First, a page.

How Omega 3 can help children with ADHD
ADHD affects between 3-7% of children, with boys being at least 3 times more likely to suffer than girls. There continues to be research into the connections between diet and ADHD, in particular Omega 3 and ADHD, which further supports the long-held view that diet and Omega 3 have a beneficial effect on reducing the symptoms of ADHD.
Nutritional programmes are most effective when the family and child are supported by other disciplines too, such as school based interventions and behavioural specialists.
A large analysis of 10 different clinical trials was published this summer, and concluded that Omega 3 supplements had a positive effect on reducing symptoms of children with ADHD. A further study published this year, in Neuropsychopharmacology, looked at 7 random controlled trials that studied more than 500 children and teens with ADHD. The children were split into two groups and were given either an Omega 3 supplement or a placebo.
The results showed that parents of the children taking a daily Omega 3 dosage reported decreased levels of hyperactivity compared to the placebo group. Additional results showed better cognitive performance and show the positive effect of a dosage of 480mg of DHA (the active ingredient of Omega 3) on cognition, behaviour and mood. This is the same Omega 3 dosage in a 1ml serving of Bare Biology’s Super Hero. Based on this, we believe our Super Hero Omega 3 supplement is one of the best fish oils and Omega 3 supplements for kids with ADHD.
Diet advice for kids with ADHD
The effect of sugar on a child’s behaviour is also well documented. Sugar in the form of glucose is the only fuel the brain can use, but the brain doesn’t function well if it’s fed too much sugar, as a sugar high often leads to a low. Sugar is highly excitatory. It stimulates what we call the dopamine reward system in the brain, which can create addictive-like behaviour. High sugar foods encourage ‘blood sugar rollercoasters’, causing a spike of activity that can often cause a lack of concentration with an inability to sit still; followed by a low which can then lead to irritability and aggressive behaviour.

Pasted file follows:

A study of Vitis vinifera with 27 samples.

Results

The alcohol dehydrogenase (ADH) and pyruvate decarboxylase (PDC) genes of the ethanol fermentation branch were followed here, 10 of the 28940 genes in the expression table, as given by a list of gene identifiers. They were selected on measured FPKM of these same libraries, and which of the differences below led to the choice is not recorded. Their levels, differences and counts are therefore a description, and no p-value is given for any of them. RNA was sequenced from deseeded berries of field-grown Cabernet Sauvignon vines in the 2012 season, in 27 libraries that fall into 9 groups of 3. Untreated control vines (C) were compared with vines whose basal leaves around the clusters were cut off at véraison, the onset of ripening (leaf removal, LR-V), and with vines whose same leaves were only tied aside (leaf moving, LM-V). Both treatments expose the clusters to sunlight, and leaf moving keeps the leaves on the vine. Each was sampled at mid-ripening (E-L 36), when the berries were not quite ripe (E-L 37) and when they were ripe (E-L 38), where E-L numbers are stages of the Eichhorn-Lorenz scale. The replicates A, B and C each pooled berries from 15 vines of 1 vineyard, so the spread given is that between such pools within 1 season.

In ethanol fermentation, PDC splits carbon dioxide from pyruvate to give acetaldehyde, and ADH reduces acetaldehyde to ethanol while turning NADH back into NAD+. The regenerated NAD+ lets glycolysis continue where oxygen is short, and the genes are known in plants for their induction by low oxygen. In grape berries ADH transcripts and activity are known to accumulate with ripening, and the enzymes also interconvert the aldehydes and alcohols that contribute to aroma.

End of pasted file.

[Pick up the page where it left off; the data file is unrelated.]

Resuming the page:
Watch out for hidden sugar foods too. A 100g Petit Filou yoghurt pot contains a whopping 12.2g, small raisin packets contain 10g sugar and Innocent Kids smoothies, the smaller cartons, (Oranges, Mangos and Pineapples, 180ml) have 20g sugar, 24% of a children’s daily recommended allowance.
Top 5 tips to help with symptoms of ADHD:
- Gradually reduce colourings and additives. Children ‘know what they like and like what they know’, so introduce new low additive foods along with their usual foods so they gradually get used to them. It can take up to 8 times for a child to try a new food, so I would recommend perseverance!
- Gradually reduce sugar. Add more protein into the diet to minimise blood sugar rollercoasters. It will also help them feel more satisfied and cooked, rather than raw food, can help them feel calmer.
- Increase Omega 3 rich foods as another source of protein (small oily fish, nuts, seeds) and use a good quality supplement like Super Hero.
- Add foods rich in iron, zinc and calcium, from plenty of greens (start with a leaf and work up!), lean red meat and poultry. If they find it hard to wind down before bed, Epsom bath salts added to a warm bath can be helpful.
- Children aged 5-15 spend on average 6 hours a day in front of a screen (4). Blue light from screens can interfere with brain waves and can cause sleep issues – gaming can increase the dopamine reward centre in the brain so limit its use as much as possible (easier said than done!). Or, if they play, match this time with exercise so they literally ‘run off’ the effects of the dopamine!
Read our guide about how Omega 3 fish oil can help with ADHD.